So I never wrote about why knitting on size 3 needles was crazy. It seems like a lot of people thought that just knitting on that size of needle was crazy.
No, the real reason I was crazy is because I was trying to crank out this sweater in time for our engagement photo sessions.
And even though the session was rescheduled…I did it.
Now, cranking out a sweater in two weeks isn’t terrible, if it’s worsted weight or so (4 to 5 stitches per inch). But this was not worsted weight.
Two Saturdays ago I started knitting this pattern. This is not my pattern. I finished it Saturday night. Fifteen days (inclusive) from start to finish on size 3 needles. That was 7 stitches and 10 rows per inch.
The pattern itself was frustrating. I found multiple math errors, and when I asked the designer about them, she didn’t answer me for five days. I had to send her a second message to get any answer, and when I did, she got the math even more wrong. Had I followed her “corrections,” the pattern would have made no sense. I even found errors in sizes I wasn’t knitting.
I think the sleeves, as designed, are too tight and possibly too short, in general. At a size 50″ bust, the sleeve is only 15″ at the underarm. I know that everyone’s body is different, but show me a woman with a 15″ bust and a 15″ arm, please. Since I was going for negative ease, it worked, but…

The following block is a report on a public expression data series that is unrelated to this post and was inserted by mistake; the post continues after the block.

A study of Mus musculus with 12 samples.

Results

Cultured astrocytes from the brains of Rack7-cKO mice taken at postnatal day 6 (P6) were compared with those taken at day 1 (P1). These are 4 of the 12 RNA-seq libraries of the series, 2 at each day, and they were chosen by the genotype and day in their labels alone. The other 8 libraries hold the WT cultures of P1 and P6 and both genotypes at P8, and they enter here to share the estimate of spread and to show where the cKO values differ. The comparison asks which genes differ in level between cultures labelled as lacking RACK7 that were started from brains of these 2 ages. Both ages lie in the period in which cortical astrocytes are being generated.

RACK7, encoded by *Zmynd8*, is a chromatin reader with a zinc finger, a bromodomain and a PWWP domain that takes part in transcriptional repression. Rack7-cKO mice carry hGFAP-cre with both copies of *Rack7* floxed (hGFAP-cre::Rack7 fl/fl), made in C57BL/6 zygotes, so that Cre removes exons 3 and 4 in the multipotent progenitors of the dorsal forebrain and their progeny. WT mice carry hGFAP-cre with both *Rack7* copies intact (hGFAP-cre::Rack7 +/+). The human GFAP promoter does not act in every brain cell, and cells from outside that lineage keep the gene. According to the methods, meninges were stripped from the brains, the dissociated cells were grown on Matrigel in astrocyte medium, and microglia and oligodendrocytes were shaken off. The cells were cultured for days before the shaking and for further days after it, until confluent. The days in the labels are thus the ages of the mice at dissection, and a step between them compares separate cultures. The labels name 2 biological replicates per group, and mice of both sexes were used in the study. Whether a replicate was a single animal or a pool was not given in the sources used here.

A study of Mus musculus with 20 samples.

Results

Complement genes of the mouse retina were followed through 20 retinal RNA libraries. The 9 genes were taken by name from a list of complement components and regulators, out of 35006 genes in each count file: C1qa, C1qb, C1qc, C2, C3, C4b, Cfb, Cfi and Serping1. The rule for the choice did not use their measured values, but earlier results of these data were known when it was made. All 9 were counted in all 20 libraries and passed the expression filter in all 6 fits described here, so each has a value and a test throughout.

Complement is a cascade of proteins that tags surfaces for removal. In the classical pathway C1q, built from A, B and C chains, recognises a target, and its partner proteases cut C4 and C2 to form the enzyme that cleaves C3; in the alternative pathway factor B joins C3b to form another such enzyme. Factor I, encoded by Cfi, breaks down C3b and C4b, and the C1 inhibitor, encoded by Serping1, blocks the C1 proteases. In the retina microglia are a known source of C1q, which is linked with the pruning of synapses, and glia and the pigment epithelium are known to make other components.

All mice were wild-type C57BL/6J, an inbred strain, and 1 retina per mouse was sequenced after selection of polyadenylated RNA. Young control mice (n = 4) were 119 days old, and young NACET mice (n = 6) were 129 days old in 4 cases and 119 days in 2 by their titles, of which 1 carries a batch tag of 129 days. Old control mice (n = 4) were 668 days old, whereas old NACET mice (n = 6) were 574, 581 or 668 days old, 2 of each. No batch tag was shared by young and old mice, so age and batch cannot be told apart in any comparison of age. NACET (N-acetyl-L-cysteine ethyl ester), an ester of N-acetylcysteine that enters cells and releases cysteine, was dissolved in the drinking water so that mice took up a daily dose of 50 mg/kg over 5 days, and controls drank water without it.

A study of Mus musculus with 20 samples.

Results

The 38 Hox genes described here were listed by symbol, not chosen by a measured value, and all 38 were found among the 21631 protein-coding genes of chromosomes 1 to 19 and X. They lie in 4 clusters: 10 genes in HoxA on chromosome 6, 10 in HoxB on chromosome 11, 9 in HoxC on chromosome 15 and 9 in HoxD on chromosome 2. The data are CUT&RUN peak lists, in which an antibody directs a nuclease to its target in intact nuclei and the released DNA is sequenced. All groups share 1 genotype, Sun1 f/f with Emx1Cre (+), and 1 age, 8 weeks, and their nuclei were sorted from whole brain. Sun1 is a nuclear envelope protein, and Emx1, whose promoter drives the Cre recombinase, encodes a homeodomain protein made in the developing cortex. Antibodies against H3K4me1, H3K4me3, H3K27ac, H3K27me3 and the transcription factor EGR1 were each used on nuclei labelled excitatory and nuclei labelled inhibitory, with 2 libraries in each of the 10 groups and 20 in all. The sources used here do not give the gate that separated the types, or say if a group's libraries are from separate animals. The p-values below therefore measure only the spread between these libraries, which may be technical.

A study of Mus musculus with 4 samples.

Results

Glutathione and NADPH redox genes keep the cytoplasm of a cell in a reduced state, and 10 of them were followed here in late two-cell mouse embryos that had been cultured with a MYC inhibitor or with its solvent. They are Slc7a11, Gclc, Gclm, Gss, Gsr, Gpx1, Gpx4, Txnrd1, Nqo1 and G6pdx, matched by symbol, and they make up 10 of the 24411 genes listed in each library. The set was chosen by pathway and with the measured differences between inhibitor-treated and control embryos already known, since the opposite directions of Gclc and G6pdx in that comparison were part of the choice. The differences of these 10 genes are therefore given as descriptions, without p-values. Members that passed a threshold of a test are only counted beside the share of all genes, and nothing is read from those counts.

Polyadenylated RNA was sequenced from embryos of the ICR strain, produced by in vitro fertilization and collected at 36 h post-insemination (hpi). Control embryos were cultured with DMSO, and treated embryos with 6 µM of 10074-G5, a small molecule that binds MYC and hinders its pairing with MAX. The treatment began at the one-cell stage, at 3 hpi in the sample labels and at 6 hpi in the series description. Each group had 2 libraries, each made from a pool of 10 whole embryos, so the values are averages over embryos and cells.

(I went for negative ease because I am busty enough. I didn’t need the shell/fan pattern and a ton of extra fabric in front.)
On top of that, there were other typos and inconsistencies, too. The directions for an I-cord tie wouldn’t actually make I-cord. The schematic was incomplete, too. The ridges ride up when I move, so I’m hoping that slightly overblocking the yarn will help. I need to be careful though, because if this yarn is overblocked, it won’t go back to its original shape.
The pattern is original and beautiful, but I was reminded of why I tend to do my own thing. I know a lot of knitter love this designer’s work, but if I weren’t an experienced knitter, I would’ve had a lot of problems. This makes me want to go over my own published patterns one more time with a fine-tooth comb.
Good Man helped me find beads at Michael’s, but fitting those big beads through the little hole (2 sts wide) was a fun experience. My sweater gave birth! To a baby bead!
When I put on the sweater to take photos today, Good Man nearly started drooling. OK, I guess he likes it.